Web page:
It was Mrs Poppets that woke me up next morning.
She said: "Do you know that it's nearly nine o'clock, sir?"
"Nine of what?" I cried, starting up.
"I thought you wanted to get up at six?"
I woke Harris and George. Together we went downstairs to breakfast. Montmorency had invited two other dogs to come and see him off, and they were fighting on the doorstep. We calmed them with an umbrella, and sat down to breakfast.
George got hold of the paper, and read us out the weather forecast, which promised "rain, cold, wet to fine."
I do think that this "weather-forecast" fraud is unbearable13. It "forecasts" precisely what happened yesterday or at the day before, and precisely the opposite of what is going to happen today.
I remember a holiday which was completely ruined one late autumn by the weather report of the local newspaper. "Heavy showers, with thunderstorms may be expected today," it would say on Monday, and so we would give up our picnic, stay indoors all day, and wait for the rain. And people would pass the house, jolly and merry, and the sun would shine, and the sky would be cloudless.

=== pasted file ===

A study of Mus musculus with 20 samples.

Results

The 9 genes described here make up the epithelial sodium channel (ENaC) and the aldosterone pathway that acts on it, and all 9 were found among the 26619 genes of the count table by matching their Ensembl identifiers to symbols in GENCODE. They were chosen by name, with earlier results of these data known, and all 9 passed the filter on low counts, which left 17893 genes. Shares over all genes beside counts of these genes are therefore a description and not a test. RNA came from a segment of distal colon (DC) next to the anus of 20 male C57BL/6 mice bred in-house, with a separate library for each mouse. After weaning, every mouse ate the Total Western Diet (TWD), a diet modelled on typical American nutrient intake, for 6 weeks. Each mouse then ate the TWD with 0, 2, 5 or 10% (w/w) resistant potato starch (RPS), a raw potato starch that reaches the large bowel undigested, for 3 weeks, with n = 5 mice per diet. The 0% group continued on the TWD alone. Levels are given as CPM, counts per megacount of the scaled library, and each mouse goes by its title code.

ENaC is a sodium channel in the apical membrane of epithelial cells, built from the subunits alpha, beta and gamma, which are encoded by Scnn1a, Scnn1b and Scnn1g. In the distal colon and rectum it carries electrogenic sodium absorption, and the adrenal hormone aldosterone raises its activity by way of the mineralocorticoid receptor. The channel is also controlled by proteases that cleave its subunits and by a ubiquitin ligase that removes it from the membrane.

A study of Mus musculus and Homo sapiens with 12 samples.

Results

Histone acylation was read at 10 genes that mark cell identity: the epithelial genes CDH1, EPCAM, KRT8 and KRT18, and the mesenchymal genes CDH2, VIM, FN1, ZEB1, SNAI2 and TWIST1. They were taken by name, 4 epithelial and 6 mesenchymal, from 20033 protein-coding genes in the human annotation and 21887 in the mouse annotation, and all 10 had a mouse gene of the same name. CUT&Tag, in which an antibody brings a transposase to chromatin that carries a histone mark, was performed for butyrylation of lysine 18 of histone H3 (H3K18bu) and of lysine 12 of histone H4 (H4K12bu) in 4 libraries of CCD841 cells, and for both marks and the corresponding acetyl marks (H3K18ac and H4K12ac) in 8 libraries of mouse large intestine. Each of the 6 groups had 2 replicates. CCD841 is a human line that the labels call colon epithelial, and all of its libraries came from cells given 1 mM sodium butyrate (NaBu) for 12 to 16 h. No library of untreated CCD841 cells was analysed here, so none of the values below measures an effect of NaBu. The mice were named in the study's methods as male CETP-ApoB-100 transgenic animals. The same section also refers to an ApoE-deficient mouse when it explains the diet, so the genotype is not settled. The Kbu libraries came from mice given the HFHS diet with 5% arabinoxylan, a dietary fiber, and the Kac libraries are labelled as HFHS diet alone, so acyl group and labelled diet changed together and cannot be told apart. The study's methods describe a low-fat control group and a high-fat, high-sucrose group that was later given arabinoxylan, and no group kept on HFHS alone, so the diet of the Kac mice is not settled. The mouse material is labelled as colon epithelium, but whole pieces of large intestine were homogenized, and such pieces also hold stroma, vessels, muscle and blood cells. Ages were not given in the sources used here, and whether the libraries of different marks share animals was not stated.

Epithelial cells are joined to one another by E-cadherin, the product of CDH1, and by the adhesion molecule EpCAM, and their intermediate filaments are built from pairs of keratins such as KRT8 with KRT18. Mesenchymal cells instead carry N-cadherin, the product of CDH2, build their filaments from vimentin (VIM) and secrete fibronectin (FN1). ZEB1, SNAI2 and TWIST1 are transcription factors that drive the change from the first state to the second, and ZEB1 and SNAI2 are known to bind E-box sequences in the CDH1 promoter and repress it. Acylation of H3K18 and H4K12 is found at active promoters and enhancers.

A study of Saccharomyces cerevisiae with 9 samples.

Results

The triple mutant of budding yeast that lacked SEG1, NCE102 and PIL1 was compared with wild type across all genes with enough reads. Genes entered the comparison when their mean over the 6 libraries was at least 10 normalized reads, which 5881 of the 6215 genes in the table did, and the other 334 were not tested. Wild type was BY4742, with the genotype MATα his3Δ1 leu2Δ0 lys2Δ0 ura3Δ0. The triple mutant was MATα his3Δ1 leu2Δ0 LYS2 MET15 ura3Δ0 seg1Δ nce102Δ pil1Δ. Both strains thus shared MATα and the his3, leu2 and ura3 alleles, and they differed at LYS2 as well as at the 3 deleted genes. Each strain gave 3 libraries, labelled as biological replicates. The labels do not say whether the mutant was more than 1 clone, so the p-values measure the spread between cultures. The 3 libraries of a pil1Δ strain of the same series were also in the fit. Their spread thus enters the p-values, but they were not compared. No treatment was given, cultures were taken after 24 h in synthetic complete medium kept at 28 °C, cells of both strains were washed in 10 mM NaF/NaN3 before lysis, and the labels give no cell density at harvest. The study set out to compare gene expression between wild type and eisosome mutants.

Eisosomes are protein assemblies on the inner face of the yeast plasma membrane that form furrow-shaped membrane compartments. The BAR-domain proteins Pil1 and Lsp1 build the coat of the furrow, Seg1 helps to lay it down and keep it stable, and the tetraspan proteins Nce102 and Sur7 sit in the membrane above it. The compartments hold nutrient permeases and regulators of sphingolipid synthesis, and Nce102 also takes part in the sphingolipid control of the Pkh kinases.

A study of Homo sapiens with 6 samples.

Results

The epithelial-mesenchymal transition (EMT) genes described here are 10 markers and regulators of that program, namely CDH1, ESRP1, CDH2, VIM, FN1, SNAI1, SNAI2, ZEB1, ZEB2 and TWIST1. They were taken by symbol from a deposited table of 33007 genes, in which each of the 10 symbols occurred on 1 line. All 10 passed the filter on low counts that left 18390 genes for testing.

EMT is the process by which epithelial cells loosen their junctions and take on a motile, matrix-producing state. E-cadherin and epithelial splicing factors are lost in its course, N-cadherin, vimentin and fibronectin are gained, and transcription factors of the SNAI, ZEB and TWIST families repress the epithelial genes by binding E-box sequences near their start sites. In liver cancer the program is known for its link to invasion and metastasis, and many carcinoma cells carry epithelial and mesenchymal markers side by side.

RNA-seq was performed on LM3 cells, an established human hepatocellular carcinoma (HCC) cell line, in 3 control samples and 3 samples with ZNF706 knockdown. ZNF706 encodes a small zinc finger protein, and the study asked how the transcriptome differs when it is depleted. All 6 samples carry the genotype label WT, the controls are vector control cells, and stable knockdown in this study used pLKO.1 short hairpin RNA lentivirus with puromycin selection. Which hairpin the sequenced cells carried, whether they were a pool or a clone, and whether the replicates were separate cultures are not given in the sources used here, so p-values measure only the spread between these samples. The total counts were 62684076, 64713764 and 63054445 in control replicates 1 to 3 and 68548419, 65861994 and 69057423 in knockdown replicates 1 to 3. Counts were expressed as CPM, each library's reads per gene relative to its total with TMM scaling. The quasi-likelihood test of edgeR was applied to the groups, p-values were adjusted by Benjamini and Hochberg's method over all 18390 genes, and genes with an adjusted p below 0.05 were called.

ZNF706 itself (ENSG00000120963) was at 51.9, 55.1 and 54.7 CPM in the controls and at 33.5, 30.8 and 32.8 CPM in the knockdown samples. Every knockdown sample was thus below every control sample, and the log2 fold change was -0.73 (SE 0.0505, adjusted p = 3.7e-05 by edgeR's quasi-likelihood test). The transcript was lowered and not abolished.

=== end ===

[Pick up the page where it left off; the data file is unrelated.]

"Ah!" we said, as we watched them through the window, "they will all come home soaked!"
And we chuckled about how wet they were going to get, and came back and stirred the fire, and got our books and made ourselves comfortable. By twelve o'clock it got really hot, and we wondered when those heavy showers and occasional thunderstorms were going to begin.
"Ah! they'll come in the afternoon," we said to each other. "Oh, those people WILL get wet!"
At one o'clock, the landlady would come in to ask if we weren't going out, as it seemed such a lovely day.
"No, no," we replied, with a knowing chuckle. "WE don't mean to get wet — no, no."
And when the afternoon was nearly gone, and still there was no sign of rain, we tried to cheer ourselves up with the idea that it would come down all at once, and people would get more soaked than ever. But not a drop ever fell, and it finished a grand day, and a lovely night after it.
The next morning we would read that it was going to be a "warm, fine day, much heat;" and we would dress ourselves in light clothes, and go out, and, half an hour later, it would start to rain hard, and a cold wind would blow, and both would keep on for the whole day, and we would come home with colds and rheumatism all over us, and go to bed.
The weather is a thing that is a mystery to me. I never can understand it.